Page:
Or is it Life on Mars? Hester Blumenthel gets rooted back in time on a visit to Lino's in Hoylake

Published on October 5th 2007.


Restaurant review: The Good life

Hoylake must be located at some magical confluence of ley lines, or a thin spot in the space-time continuum. Sure, it's all by itself out on the edge of the Wirral, so you might well expect it to be cosily insulated against the tumult of restaurant trends whooshing by.
But isolation alone can't account for Lino's delightfully dated atmosphere. Walking into the restaurant felt like stepping out of a TARDIS into 1970s Britain.

I was overcome with nostalgia. 'I don't
want to leave the seventies,' I told my companion. 'I've gotten attached to this place, and surely there's still work to be done here'

Mr Blumenthal and myself grinned at the perfectly preserved scene before us. Exposed stone walls, dark green carpets and tablecloths, wee dishes of roast peanuts at the low tables where you quaff cocktails while pondering the menu. Which, by the way, is broken up into Prelude, Intermezzo and Symphony courses. Melba toast in the bread baskets. Wine collars. And my stars and garters, was that a bottle of Mateus Rose on the table we just passed?

Manager Nigel Piper is the very model of a waiter, with a voice rich as plum pudding, a twinkle in his eye, and a store of well-tested jokes at the ready. When handing over the wine list, he directed us to a line of bottles ranged on the bar with tasting notes tied round their necks. "I taste all the wines myself. It's a tough job, but someone has to do it! he told us roguishly. We laughed. Then I turned around and read about him telling the same joke, in a newspaper clipping on the wall. That just made it better somehow.

I crept over and read the note tied to a bottle of Chateau Musar. "Considering all the problems in Lebanon, it's amazing that they can produce such a fine wine." Hear hear.

At Lino's, from the moment you enter, you may relax, for you will be allowed to do nothing for yourself. We were escorted to our seats, drinks whisked from our hands by a hovering hostess and carried on a silver tray the ten steps to our table. The chairs were pulled out, the half-bottle of Burgundy (9.50) was opened, and we were reprimanded like naughty schoolchildren for trying to pour it out for ourselves. The side veg were brought out in a steaming silver dish and spooned onto our plates by hand, and my Dover sole was taken off the bone. I half expected someone to turn up and cut my fish for me, too.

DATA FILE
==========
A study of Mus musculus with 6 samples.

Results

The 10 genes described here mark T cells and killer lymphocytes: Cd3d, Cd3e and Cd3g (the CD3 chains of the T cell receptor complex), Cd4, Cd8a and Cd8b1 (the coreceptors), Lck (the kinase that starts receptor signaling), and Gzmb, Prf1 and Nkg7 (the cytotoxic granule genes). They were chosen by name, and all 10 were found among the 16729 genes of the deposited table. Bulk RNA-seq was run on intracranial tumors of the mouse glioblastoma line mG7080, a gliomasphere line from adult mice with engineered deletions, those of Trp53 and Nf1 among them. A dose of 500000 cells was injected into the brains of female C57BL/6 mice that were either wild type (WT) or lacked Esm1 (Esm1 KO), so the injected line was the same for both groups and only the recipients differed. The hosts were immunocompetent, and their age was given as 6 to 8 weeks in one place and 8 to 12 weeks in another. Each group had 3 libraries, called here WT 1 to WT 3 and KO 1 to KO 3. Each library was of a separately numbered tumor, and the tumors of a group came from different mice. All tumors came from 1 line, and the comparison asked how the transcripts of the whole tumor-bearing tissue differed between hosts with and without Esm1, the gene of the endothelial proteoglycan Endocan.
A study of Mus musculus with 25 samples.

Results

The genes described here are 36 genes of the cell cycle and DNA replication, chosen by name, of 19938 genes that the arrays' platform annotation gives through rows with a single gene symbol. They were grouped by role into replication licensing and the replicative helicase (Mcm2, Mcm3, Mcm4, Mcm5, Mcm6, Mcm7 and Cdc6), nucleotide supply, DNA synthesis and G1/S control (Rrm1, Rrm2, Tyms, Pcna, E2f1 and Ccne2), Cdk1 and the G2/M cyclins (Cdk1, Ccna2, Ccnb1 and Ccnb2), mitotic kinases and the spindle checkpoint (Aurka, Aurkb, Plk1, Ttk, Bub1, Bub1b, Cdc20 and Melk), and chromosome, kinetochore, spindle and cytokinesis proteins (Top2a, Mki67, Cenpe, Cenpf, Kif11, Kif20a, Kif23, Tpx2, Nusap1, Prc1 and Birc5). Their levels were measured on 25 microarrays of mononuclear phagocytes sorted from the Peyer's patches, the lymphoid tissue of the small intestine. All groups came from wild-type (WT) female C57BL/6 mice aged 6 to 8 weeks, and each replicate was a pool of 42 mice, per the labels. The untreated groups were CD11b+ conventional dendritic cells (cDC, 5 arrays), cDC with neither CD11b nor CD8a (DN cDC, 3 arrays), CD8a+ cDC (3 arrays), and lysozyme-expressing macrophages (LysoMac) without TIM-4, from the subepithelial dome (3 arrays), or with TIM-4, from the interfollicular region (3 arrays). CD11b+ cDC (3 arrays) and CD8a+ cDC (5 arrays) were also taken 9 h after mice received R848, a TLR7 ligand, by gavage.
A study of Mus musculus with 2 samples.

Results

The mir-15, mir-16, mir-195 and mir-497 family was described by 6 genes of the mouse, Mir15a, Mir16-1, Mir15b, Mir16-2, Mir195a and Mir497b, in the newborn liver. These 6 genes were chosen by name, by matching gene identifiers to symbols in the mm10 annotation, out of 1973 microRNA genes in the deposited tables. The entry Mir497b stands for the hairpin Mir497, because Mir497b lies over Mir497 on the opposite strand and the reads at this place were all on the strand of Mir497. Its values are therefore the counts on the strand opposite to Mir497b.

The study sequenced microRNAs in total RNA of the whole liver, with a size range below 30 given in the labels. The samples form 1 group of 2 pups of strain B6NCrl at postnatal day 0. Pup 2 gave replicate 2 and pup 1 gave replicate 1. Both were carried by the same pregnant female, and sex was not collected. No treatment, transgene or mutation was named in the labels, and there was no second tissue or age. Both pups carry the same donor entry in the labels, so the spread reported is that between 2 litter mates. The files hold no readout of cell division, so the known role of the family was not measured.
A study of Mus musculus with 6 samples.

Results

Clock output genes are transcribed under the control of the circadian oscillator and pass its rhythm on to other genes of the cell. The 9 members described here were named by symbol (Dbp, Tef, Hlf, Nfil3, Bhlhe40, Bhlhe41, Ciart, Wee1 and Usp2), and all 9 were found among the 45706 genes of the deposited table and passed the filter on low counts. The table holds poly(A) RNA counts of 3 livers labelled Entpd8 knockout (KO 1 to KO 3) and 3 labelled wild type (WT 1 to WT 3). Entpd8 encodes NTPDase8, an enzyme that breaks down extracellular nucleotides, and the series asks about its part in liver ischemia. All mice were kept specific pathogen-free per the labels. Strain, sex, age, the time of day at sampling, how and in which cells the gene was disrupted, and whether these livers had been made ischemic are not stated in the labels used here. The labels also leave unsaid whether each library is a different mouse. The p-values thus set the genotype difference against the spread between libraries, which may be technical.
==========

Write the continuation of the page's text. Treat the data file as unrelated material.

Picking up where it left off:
It's all part of the standard of old-fashioned good service sure to charm the orthopaedic shoes off the older generation, many of whom were in evidence on the night we dined. Open since 1983, actually, Lino's has an incredibly loyal following - many of its customers have been eating there for 30 years. There's clearly a big market for a proper, old school, continental restaurant round these parts. Sadly, the prices are the only thoroughly modern thing about Lino's, and even they have taken up the regrettable newfangled practice of charging 3.50 for vegetables.

My chicken liver pate went down a treat with the toothsome chutney and toast triangles provided, but Mr. Blumenthal was sorely vexed by his brown shrimps on toast. The poor things were so positively saturated with butter and salt that he reckoned eating more than a few bites might require a special dispensation from his GP. His complimentary "intermezzo" of baked egg in bechamel sauce didn't help, either. I liked my penne pasta well enough, but was getting dangerously full.

The Dover sole (market price; on our night an eyebrow-raising 23.95, not that we thought to ask) was light and tasty, but, again, the butter had been laid on with a rather heavy hand, as with the side veg of courgettes, roast tatties, and carrots and turnips mash.

I plodded onward to Dover, while across the table Mr. Blumenthal was wrestling with an enormous sugar-crusted ham hock (13.50), rising up from a primordial bath of mustard, butter and cream. The ham itself was good and flavoursome, and he avowed great respect for a restaurant brave enough to champion the cause of the lowly hock. But the richness of the sauce defeated him in the end.

Dessert was a pleasant affair for both of us. My brioche bread and butter pudding (4.75) was eggy and sweet, studded liberally with raisins and candied cherries. It was also served with both homemade ice cream and creme anglaise, but by this point I would have expected nothing less. I didn't even make a dent in it. My companion recovered himself sufficiently to demolish a lemon posset with fresh raspberries (4.75), and reported it "very nice".

As the bill was presented on a little china plate, I was overcome with nostalgia. "I don't want to leave the seventies," I told my companion. "I've gotten attached to this place, and surely there's still work to be done here. We haven't even had a digestif yet, and if we wait a bit, there might even be fondue..."

But he coaxed me gently back toward the TARDIS. "We don't belong to this time, Hester," he told me. "We need to go back to our own time. But we can come back and visit anytime you want."

"Oh, all right," I said. "But next time I'd love a Babycham."

He sighed.

Rating: 13.5/20
Breakdown: 6/10 Food
4/5 Service
3.5/5 Ambience
Address: Lino's
122 Market Street
Hoylake
CH47 3BH
0151-632-1408


Sure, Lino's isn't cutting edge - but then it doesn't claim to be. But with all the identikit bars which stay open for all of six months, its a relief to go somewhere thoroughly old-school, with excellent service and big portions!And the desserts are superb ( and all made in-house) - but you need to make sure you don't eat much for the rest of the day to have room!We have been going here for 13 years and still love the place.